Ohio motorists should be aware of the possibility of tractor-trailer accidents when traveling on local highways. That's because statistics from the Federal Motor Carrier Safety Administration show that the number of deadly truck crashes has increased in recent years. In fact, there was a 10% increase in the number of fatal large truck crashes between 2016 and 2017.
While most large truck accidents in Ohio are caused by the negligence of passenger vehicle drivers, not of truckers, there are still instances when truckers commit an error and cause a crash. Truckers may, for example, drive while drowsy, drunk, drugged or distracted by their phone. Driver error is just one of five common causes of large truck crashes.
In Ohio and across the U.S., many commercial truckers are driving while under the influence of drugs, especially cocaine, opioids and marijuana. The Alliance for Driver Safety & Security has compiled data on drug tests results in the trucking industry and found that the mandatory urinanalysis is not enough to detect drug use. In fact, it captures only 1 in 10 habitual drug users.
The National Safety Council estimates that distracted driving crashes in the US cause nine deaths and 100 injuries every day. Ohio residents should know that many of these crashes are the result of drivers using phones and in-vehicle tech like voice command and dashboard touchscreens. To raise awareness of this trend, the NSC chose April to be Distracted Driving Awareness Month.
Truck accident victims in Ohio should be aware that preparing a case against the other side can be a complicated matter: more complicated, in fact, than building up a car accident case. There are several reasons for this. Trucks are large, take longer to brake to a complete stop and thus collide with greater force. The catastrophic injuries and fatalities that are so frequently the outcome of truck accidents make a case more complex.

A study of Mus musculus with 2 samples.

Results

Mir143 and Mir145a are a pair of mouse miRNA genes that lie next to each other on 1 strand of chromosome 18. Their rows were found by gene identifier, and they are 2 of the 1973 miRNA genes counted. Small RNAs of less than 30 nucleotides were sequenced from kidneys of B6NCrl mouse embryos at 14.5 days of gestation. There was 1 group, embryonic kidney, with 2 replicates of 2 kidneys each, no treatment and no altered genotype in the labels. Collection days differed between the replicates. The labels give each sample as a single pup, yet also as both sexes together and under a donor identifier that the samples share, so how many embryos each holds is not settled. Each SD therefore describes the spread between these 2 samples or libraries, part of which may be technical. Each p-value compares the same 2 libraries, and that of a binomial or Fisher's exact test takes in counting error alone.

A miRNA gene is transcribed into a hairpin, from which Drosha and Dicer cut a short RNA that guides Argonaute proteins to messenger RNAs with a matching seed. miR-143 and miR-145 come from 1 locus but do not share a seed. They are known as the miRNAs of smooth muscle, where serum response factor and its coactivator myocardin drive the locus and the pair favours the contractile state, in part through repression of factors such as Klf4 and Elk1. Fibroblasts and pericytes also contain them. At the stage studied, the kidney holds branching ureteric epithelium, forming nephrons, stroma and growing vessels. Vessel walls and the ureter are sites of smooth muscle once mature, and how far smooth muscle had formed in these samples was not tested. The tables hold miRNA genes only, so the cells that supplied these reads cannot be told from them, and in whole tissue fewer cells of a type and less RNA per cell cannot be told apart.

Ohio residents should know that 2017 saw a 29-year high in the number of large truck crash fatalities according to the National Highway Traffic Safety Administration. The total came to 4,761 deaths with around 1,300 being the truckers themselves. This means that the remaining 72% were the passengers of other vehicles.
While many assume that there is a link between truck driver fatigue and the number of hours that they drive, this isn't the only factor that should be considered. In addition to complying with hours-of-service rules, it may also benefit Ohio drivers and others to receive fatigue management training. Drivers who know that they are tired are more likely to take steps such as requesting shorter trips or taking a quick nap during the day.
The Commercial Vehicle Safety Alliance is known for its annual inspection sprees of commercial vehicles, but it also hosts an annual Operation Safe Driver Week event that affects both CMV drivers and passenger vehicle drivers. Ohio residents should know that this year's will take place from July 14 to 20.
Ohio drivers have good reason to be wary around large trucks because truck crashes are on the rise. Of the 34,439 fatal crashes that occurred across the U.S. in 2017, 4,079 involved at least one truck or bus according to the Federal Motor Carrier Safety Administration.
From collision mitigation systems to in-cab cameras, a host of safety devices are being introduced in commercial trucks across Ohio and the rest of the US. Yet many truckers, unhappy about the change, are finding ways to manipulate or disable the technology.